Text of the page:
Fat is a natural insulator, so you don't want your horse losing weight during the winter.
A long winter coat can hide weight loss, so periodically feel your horse’s ribs to see if he’s holding his weight during the cold winter months. If he’s having trouble and he’s cleaning up everything you’re giving him, feed as much hay as he needs or will consume, increasing it gradually.
Feed it a couple of times a day during the winter to minimize waste, if you can. Remember that it’s the digestion of hay, not grain, that helps keep your horse warm. A cold horse will burn more calories and, when a horse’s coat is wet, it loses its insulating capacity. Consider blanketing your horse if he’s losing weight or cold (see January 2010 issue).
If your horse isn’t cleaning up, be sure the feed is OK. Warning signs of bad feed include:
- Off color or sour smell.
- Damp or clumps abnormally.
- Tinged with mold and/or dust.
If the feed seems OK, call your vet immediately. The horse may be ill.
Grain Considerations. If increasing hay alone is not enough, add grain. Start with about a half pound (about half a scoop) and increase to no more than 3 pounds of grain per feeding at a maximum of two to three times a day. Remember: Extruded feeds are easier for the horse to digest but weigh less than pellets or whole grains, so you may need to feed a larger volume of grain.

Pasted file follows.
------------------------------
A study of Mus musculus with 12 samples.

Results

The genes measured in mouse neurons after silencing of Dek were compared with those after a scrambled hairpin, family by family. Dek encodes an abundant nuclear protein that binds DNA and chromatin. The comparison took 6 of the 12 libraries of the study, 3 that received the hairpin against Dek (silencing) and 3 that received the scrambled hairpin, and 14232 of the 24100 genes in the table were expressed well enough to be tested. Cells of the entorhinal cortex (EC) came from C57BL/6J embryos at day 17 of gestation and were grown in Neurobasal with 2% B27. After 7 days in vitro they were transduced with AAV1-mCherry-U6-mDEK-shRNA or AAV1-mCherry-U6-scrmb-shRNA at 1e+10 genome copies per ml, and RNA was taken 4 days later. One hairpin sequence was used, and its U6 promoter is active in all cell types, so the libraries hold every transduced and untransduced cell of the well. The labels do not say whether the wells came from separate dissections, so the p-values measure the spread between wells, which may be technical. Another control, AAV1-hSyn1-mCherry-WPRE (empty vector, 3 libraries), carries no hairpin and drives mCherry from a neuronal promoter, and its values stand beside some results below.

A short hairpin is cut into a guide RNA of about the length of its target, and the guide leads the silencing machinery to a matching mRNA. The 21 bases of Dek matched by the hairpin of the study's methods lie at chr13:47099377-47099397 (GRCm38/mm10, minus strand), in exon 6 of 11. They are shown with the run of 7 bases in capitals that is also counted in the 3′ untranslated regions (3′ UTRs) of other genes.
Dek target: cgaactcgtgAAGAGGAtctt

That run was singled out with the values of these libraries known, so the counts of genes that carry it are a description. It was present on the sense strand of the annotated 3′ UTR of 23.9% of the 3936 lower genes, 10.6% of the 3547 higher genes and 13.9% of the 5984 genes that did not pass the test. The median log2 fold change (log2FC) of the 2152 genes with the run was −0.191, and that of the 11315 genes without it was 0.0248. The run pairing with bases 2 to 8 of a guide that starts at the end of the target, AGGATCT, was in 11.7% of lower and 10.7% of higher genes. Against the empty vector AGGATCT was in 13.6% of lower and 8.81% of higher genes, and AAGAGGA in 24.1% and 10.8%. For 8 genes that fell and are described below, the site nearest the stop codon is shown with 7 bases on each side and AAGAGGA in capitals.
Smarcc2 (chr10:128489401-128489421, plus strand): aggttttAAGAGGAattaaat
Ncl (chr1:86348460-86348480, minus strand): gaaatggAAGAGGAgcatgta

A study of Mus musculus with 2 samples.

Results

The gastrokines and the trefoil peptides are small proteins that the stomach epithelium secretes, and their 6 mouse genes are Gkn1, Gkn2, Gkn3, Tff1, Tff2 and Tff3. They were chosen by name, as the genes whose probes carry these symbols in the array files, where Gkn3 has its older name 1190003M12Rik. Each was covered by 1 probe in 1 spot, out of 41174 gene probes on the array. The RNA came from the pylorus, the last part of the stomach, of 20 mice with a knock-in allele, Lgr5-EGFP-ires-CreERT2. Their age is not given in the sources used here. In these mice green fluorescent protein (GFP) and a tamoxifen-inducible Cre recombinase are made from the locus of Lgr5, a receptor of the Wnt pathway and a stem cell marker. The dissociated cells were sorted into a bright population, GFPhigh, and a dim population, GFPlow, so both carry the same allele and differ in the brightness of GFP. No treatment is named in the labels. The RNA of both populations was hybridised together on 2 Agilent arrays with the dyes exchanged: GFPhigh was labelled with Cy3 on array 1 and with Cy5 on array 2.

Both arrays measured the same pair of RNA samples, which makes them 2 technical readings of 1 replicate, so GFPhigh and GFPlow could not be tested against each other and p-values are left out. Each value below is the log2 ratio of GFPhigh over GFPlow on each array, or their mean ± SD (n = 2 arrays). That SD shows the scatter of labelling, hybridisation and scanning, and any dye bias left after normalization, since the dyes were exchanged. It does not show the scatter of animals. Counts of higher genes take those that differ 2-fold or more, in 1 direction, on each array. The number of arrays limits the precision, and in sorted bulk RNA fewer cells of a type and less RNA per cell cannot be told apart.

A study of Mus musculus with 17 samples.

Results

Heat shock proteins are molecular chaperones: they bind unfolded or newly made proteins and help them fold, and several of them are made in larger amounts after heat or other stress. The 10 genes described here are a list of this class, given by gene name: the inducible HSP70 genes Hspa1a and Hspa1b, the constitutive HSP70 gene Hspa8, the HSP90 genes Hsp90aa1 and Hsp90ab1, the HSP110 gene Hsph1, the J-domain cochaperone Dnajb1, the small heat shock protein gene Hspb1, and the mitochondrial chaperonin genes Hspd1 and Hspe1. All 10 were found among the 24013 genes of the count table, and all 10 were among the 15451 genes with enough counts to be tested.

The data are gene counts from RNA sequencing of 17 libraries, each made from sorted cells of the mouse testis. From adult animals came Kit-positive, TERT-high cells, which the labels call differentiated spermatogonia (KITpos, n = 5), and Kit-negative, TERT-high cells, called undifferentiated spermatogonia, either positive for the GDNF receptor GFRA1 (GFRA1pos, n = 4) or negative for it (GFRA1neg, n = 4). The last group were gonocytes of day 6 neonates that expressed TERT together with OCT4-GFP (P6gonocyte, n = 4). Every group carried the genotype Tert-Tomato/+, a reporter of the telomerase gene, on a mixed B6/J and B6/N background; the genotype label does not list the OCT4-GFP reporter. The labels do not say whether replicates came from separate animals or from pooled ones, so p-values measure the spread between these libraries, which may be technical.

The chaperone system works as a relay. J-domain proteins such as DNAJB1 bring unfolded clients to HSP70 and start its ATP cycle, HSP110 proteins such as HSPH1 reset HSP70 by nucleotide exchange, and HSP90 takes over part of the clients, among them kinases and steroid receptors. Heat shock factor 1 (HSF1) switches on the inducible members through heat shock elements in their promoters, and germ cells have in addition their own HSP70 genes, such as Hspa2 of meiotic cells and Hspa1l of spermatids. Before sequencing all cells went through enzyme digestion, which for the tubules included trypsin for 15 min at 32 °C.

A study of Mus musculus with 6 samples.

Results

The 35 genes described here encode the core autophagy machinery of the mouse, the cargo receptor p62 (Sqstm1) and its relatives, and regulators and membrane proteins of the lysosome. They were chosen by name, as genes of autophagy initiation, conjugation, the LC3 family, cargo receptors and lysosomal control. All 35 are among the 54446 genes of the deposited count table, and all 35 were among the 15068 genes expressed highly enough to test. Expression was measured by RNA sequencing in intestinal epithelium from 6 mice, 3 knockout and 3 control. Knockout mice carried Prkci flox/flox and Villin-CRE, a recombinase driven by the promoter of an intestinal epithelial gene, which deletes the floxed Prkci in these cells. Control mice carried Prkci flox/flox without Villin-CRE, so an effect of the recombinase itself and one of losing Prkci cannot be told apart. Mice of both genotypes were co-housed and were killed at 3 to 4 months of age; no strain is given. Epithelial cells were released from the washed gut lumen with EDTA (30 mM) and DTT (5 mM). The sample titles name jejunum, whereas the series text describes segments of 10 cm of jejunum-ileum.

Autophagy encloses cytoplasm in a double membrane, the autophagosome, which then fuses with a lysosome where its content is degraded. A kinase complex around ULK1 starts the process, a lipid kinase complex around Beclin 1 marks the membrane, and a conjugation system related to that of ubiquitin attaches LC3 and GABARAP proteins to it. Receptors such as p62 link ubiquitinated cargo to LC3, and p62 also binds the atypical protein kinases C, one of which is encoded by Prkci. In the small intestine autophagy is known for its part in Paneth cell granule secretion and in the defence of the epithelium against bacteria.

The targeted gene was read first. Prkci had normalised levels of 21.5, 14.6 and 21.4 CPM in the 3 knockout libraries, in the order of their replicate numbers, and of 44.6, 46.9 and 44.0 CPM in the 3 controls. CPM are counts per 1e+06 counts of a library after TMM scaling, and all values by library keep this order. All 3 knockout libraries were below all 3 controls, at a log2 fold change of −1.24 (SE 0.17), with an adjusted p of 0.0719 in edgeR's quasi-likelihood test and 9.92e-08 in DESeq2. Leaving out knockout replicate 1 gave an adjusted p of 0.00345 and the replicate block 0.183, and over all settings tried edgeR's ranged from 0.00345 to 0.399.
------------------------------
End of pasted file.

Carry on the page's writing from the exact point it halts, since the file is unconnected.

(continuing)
Consider a pro- or prebiotic product to increase the efficiency of fermentation, such as Forco (www.forcocolorado.com, 303-663-7115) or Ration Plus (www.cytozyme.com, 801-533-9208).
Water Consumption. Check water consumption, too. The more hay a horse eats, the more water he needs to consume. For example, if he’s eating 22 pounds of pay per day and weighs around 1100 pounds, he should be drinking between five to eight gallons of water per day. Snow will not suffice.
You can encourage water consumption by:
- Removing ice
- Providing warm water (but if you’re going to do this, you must do it consistently)
- Refresh water within an hour after feeding hay
- Adding 1 oz. (2 tablespoons) of salt to feed daily (start gradually)
Feeding a warm mash, soaked hay cubes or pellets. Wheat bran and beet pulp are both highly palatable and contain about the same calories as grain. Feed beet pulp as a mash, letting it soak in hot water for 20 minutes or so before feeding it. Substitute a scoop of beet pulp for a scoop of grain; introduce it to the horse gradually.
Beet pulp is especially good for horses not drinking enough water, as it will soak up four times its weight in water. Beet-pulp concentrates, like Pennfield’s Fibergized (www.pennfield.com, 800-732-0467) can also be soaked.
Bottom Line. Winter is no time to deal with a thin horse. Use small amounts of taste tempters—apples, carrots, brown sugar, corn oil, molasses, apple sauce, CocoSoya (www.uckele.com, 800-248-0330) or a few drops of peppermint extract or anise—to increase his interest. Ensure water consumption. Remember, fat is part of his natural defense against cold weather.